I didn’t think I had body image issues. I knew there were insecurities there, I just didn’t know they were deep enough to be considered full blown ‘issues.’ I still don’t even really know what that means.
At what point do negative thoughts about your body become issues?
I have had unpleasant thoughts about my body for many years, they were tucked away, ever so neatly in the recesses of my mind. Dealing with them felt like a disempowering exercise I had no interest in participating in. After giving birth, I found myself facing the mirror with a heaviness I never felt before.
Body Image Origins
I trace ideas about my body back to my parents. It’s funny (and scary) how all our ‘issues’ go back to childhood. I love my parents and most of their ideas but some of them I can do without. I grew up in a Caribbean family and in some (I believe many) pockets of Caribbean culture the way you look matters. Curvy and voluptuous is loved and considered sexy. But so is lean (not too lean), athletic and petite.
It could go either way, depending on the family you’re born into. My parents were more on the lean end of things. Growing up, they had no qualms letting you know your waist was rounder than usual or if you were “putting on the pounds.” I can hear my dad’s voice right now. It actually makes me laugh, it’s comedy when he says it now but during adolescence it was unpleasant to hear.
That is a big part of Caribbean culture though. People make jokes and comments about your appearance, you learn to survive by developing your own comeback or laughing it off. The other option is to spend the rest of your days sad and hurt. In the end you would just get teased for that too, so I chose to suck it up and tuck the bad feelings away.
It wasn’t until five months postpartum I started to think about my body, its new shape and what it was not. Before that, I was in a newborn fog. I could not even compare the new body to pre-baby body because this new body truly was a stranger to me.
I didn't know her. We had not previously met. I was stumped for months on how to dress her, not only was she squishy, she was weaker and slower.
I had little to no brain power to think about clothing or what to wear. I went the easy route for almost two solid years. I wore tons of black with a sprinkle of gray in between. It got so bad, on a recent trip to Canada my cousin revealed she was bored with my black. She was tired of seeing this new wardrobe that lacked the colour and vibrancy of the old me. I missed her too but didn’t think anyone else noticed.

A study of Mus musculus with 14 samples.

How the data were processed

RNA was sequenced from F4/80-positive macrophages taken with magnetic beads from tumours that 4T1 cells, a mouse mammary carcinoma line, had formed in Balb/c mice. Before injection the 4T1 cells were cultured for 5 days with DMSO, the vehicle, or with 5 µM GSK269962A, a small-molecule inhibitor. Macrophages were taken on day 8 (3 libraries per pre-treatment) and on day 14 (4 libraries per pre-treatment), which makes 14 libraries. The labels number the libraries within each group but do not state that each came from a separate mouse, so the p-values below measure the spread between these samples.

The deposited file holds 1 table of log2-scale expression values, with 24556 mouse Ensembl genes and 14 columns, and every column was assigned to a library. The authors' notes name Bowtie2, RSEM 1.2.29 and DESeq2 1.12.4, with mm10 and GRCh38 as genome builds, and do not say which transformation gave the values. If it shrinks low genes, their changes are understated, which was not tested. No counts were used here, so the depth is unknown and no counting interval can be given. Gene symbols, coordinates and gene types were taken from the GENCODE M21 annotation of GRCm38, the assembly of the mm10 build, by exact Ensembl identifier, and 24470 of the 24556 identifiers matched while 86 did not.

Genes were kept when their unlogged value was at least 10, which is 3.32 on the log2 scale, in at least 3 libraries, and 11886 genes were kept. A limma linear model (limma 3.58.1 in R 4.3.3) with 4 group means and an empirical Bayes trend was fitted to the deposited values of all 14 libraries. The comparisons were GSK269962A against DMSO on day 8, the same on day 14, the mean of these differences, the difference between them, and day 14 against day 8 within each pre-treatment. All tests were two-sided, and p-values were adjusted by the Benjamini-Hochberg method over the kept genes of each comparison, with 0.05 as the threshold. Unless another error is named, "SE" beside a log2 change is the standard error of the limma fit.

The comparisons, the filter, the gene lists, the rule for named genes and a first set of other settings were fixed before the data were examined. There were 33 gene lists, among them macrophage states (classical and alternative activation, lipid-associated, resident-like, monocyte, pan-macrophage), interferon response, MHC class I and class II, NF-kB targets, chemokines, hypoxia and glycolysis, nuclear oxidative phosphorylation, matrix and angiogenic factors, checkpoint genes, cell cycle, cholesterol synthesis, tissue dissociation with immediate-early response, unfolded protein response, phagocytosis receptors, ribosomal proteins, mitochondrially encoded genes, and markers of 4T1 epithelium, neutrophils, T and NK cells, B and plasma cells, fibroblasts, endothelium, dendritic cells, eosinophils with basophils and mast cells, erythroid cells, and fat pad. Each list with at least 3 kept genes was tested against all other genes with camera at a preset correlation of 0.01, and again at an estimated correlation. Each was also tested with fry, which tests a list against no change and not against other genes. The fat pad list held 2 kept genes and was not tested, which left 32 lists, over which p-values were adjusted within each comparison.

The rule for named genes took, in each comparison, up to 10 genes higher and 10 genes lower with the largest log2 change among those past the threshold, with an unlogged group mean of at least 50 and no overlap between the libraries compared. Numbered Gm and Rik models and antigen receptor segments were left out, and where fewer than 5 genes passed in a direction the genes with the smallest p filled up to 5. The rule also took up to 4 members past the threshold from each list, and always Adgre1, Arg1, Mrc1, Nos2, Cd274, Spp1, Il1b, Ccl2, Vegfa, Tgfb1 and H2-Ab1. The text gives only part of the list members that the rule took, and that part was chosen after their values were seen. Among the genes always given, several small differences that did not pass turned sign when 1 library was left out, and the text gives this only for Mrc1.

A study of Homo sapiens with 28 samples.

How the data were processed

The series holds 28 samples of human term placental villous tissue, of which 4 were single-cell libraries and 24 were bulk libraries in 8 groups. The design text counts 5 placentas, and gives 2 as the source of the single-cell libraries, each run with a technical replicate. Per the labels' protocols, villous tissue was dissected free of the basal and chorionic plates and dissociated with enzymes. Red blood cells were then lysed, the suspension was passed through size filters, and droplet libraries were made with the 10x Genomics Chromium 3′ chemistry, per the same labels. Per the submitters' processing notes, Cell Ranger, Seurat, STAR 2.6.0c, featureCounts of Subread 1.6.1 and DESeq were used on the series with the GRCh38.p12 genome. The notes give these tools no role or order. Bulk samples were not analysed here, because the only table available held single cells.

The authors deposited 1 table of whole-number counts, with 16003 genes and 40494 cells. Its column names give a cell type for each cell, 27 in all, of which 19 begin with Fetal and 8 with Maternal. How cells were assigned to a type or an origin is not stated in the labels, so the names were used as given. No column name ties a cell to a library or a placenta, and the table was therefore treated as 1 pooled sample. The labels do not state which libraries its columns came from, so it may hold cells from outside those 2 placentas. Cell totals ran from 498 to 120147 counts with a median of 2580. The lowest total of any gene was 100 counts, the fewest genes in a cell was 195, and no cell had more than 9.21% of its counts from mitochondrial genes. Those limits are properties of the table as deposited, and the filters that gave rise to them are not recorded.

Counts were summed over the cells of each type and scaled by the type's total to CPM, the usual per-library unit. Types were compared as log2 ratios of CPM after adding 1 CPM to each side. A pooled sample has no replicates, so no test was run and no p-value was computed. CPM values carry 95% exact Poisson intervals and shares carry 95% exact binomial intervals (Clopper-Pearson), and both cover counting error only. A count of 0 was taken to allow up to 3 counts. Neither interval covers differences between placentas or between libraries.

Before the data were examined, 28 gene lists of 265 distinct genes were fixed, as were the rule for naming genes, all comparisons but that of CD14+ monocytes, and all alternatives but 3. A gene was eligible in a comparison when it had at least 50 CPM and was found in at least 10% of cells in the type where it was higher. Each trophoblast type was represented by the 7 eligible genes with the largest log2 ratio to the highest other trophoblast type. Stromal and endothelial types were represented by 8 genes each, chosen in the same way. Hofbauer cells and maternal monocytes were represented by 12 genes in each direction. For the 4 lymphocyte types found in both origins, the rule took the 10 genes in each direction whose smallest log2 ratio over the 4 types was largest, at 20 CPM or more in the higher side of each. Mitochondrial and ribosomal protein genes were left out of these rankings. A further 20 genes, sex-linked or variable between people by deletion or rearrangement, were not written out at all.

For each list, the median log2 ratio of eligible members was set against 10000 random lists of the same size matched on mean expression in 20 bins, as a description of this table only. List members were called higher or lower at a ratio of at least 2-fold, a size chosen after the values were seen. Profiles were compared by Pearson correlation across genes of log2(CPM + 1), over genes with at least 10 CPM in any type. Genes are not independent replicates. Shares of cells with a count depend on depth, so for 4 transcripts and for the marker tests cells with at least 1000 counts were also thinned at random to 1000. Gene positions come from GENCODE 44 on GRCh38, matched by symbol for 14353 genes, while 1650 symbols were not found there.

(Shouts to family, who will gently tell you when you look boring).
She told me she wondered to herself why I was wearing so much black, that it was uncommon for me to drape myself in one colour for months. At that point I was already thinking about how I looked and the struggle to get dressed in the mornings, but I still wasn’t aware of how much this new role pulled me from colour, textures and patterns.
And while I love that “all black” look I can’t do it for months on end.
I like colour, I like patterns, shapes and textures. I like to have flexibility in what I wear. I don’t like to be limited to one particular style. If I want to serve couch potato vibes one day and Beyoncé Homecoming the next, I need the freedom and options to do that.
What is style?
I don’t even know anymore. I am approaching clothes and fashion and all things beauty with a fresh set of eyes, as though I am learning for the first time.
I have found that trying to be who and what I was before motherhood is too frustrating and limiting. I am letting this new body become whatever it needs to become. I can mold and craft it just the way I imagine, free of past thoughts, opinions or ideas. It is a body made up of all aspects of me.
This new body is made up of the old me and the new me, I see this stage in life as an opportunity to create something that didn’t exist before.